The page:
This article reports that mixing alcohol with a diet soft drink can result in a higher breath alcohol concentration (BrAC). This may have implications for safe drinking practices, including decisions to drive.
An individual’s breath alcohol concentration (BrAC) following alcohol intake is influenced by several factors, including food. While it is known that food delays the stomach emptying, thus reducing BrAC, only recently has the role of nonalcoholic drink mixers used with alcohol been explored as a factor influencing BrAC. A new comparison of BrACs of alcohol consumed with an artificial sweetener versus alcohol consumed with a sugared beverage has found that mixing alcohol with a diet soft drink can result in a higher BrAC.
Results will be published in the April 2013 issue of Alcoholism: Clinical & Experimental Research and are currently available at Early View.
“More attention needs to be paid to how alcohol is being consumed in the ‘real world,'” said Cecile A. Marczinski, assistant professor of psychology at Northern Kentucky University. She referenced an earlier field study of bar patrons. “Researchers found that, one, individuals who reported consuming alcohol with diet beverages had the highest BrACs, as compared to all other bar patrons, and two, that women tended to be more frequent consumers of diet mixers with their alcohol. These good naturalistic observations give researchers many ideas to explore in a controlled laboratory setting.”
Dennis L. Thombs, professor and chair of the department of behavioral and community health at UNT Health Science Center, was the author of the field study referenced by Marczinski. “Research on artificially sweetened drink mixers is new,” he said. “I believe this might be only the third study published to date on this issue, and the findings are quite consistent with ours.”
“I am really interested in drinking and driving as a problem, so I wanted to know if the simple choice of mixer could be the factor that puts a person above or below the legal limit,” added Marczinski. “I also wanted to determine if any BrAC difference would be something that subjects would notice, since this has implications for safe drinking practices, including decisions to drive.”
Study authors had 16 participants (8 females, 8 males) attend three sessions where they received one of three doses — 1.97 ml/kg vodka mixed with 3.94 ml/kg Squirt, 1.97 ml/kg vodka mixed with 3.94 ml/kg diet Squirt, and a placebo beverage — in random order. The participants’ BrACs were recorded, as well as their self-reported ratings of subjective intoxication, fatigue, impairment, and willingness to drive. Their objective performance was assessed using a cued go/no-go reaction time task.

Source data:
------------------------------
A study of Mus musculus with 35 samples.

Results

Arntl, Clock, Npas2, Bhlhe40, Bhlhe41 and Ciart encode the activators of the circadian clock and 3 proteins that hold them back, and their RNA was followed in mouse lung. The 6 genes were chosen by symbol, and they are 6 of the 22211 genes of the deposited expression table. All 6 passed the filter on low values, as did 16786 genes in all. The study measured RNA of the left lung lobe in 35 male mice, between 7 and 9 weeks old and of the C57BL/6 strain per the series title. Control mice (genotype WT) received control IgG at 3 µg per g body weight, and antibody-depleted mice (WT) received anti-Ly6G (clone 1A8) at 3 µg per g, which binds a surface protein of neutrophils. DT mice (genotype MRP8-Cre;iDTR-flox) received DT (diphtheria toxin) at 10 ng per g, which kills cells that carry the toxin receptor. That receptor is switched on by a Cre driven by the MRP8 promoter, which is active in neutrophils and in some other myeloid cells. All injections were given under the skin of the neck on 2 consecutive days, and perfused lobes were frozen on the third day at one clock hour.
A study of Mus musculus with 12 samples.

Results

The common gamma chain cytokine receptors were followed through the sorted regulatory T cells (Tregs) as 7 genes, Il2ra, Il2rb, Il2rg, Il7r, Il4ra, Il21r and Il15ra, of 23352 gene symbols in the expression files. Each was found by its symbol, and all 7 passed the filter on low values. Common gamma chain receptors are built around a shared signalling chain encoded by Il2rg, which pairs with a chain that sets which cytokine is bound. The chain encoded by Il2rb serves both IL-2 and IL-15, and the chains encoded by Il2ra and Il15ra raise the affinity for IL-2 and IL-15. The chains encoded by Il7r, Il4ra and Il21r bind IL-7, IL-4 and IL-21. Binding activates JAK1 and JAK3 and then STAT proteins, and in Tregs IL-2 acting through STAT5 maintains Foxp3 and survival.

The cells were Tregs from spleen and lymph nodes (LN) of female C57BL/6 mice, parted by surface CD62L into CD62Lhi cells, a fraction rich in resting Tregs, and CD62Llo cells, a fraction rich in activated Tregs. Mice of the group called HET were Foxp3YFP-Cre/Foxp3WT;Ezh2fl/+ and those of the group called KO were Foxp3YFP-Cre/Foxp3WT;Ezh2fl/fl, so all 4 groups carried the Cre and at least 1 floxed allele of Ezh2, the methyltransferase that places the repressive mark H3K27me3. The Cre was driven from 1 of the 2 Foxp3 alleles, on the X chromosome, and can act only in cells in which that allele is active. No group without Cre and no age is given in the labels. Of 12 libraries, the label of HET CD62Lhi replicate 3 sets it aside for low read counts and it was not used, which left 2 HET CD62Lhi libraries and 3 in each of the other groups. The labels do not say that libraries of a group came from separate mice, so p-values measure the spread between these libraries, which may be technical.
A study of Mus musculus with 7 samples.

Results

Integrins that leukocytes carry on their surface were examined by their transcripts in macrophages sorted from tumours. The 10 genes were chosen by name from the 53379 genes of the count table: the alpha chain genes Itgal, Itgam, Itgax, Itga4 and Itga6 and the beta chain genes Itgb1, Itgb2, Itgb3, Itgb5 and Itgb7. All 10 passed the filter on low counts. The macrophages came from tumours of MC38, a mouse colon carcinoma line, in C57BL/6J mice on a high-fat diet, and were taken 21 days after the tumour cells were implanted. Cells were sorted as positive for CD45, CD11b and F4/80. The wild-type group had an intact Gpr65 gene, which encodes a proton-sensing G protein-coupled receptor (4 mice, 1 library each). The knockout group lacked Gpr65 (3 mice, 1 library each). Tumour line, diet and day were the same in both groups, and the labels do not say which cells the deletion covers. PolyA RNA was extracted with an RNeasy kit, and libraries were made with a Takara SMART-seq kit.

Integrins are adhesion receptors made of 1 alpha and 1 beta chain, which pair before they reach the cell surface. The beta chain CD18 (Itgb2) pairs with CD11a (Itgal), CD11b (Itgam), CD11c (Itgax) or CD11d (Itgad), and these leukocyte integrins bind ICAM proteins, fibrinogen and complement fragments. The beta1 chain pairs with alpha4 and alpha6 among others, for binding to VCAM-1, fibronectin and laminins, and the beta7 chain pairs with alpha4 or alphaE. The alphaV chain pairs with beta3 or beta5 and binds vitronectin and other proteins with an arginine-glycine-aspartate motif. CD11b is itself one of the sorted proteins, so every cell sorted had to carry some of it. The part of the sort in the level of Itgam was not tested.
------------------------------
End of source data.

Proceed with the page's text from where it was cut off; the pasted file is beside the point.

“Alcohol consumed with a diet mixer results in higher BrACs as compared to the same amount of alcohol consumed with a sugar-sweetened mixer,” said Marczinski. “The subjects were unaware of this difference, as measured by various subjective ratings including feelings of intoxication, impairment, and willingness to drive. Moreover, their behavior was more impaired when subjects consumed the diet mixer.”
When asked why mixing alcohol with a diet drink appears to elevate BrACs, Thombs explained that the stomach seems to treat sugar-sweetened beverages like food, which delays the stomach from emptying. “The best way to think about these effects is that sugar-sweetened alcohol mixers slow down the absorption of alcohol into bloodstream,” he said. “Artificially sweetened alcohol mixers do not really elevate alcohol intoxication. Rather, the lack of sugar simply allows the rate of alcohol absorption to occur without hindrance.”
Both Marczinski and Thombs were concerned about the risk that diet mixers can pose for alcohol-impaired driving. “In this study, subjects felt the same whether they drank the diet or regular mixed alcoholic beverage,” said Marczinski. “However, they were above the limit of .08 when they consumed the diet mixer, and below it when they drank the regular mixed beverage. Choices to drink and drive, or engage in any other risky behavior, often depend on how people feel, rather than some objective measurement of impairment. Now alcohol researchers who are interested in prevention have something new to consider when developing or modifying intervention programs.”
Thombs agreed. “Research on alcohol mixers is critically important for improving serving practices in on-premise drinking establishments,” he said. “About one-half of all drinking and driving incidents are estimated to occur in persons leaving these settings. This type of research can provide guidance to policy-makers interested in improving the safety of bars and nightclubs.”
“We have an obesity crisis in this country,” added Marczinski. “As such, individuals tend to be conscious about how many calories they are consuming, and they might think that mixing alcohol with diet drinks is a healthy choice. Yet the average reader needs to know that while mixing alcohol with a diet beverage mixer may limit the amount of calories being consumed, higher BrACs are a much more significant health risk than a few extra calories.”
“In natural drinking settings, such as bars and nightclubs, young women are significantly more likely than young men to order drinks mixed with diet cola,” said Thombs. “I suspect this occurs because young women tend to be more weight conscious than young men. Thus, from a public health perspective, artificially sweetened alcohol mixers may place young women at greater risk for a range of problems associated with acute alcohol intoxication.”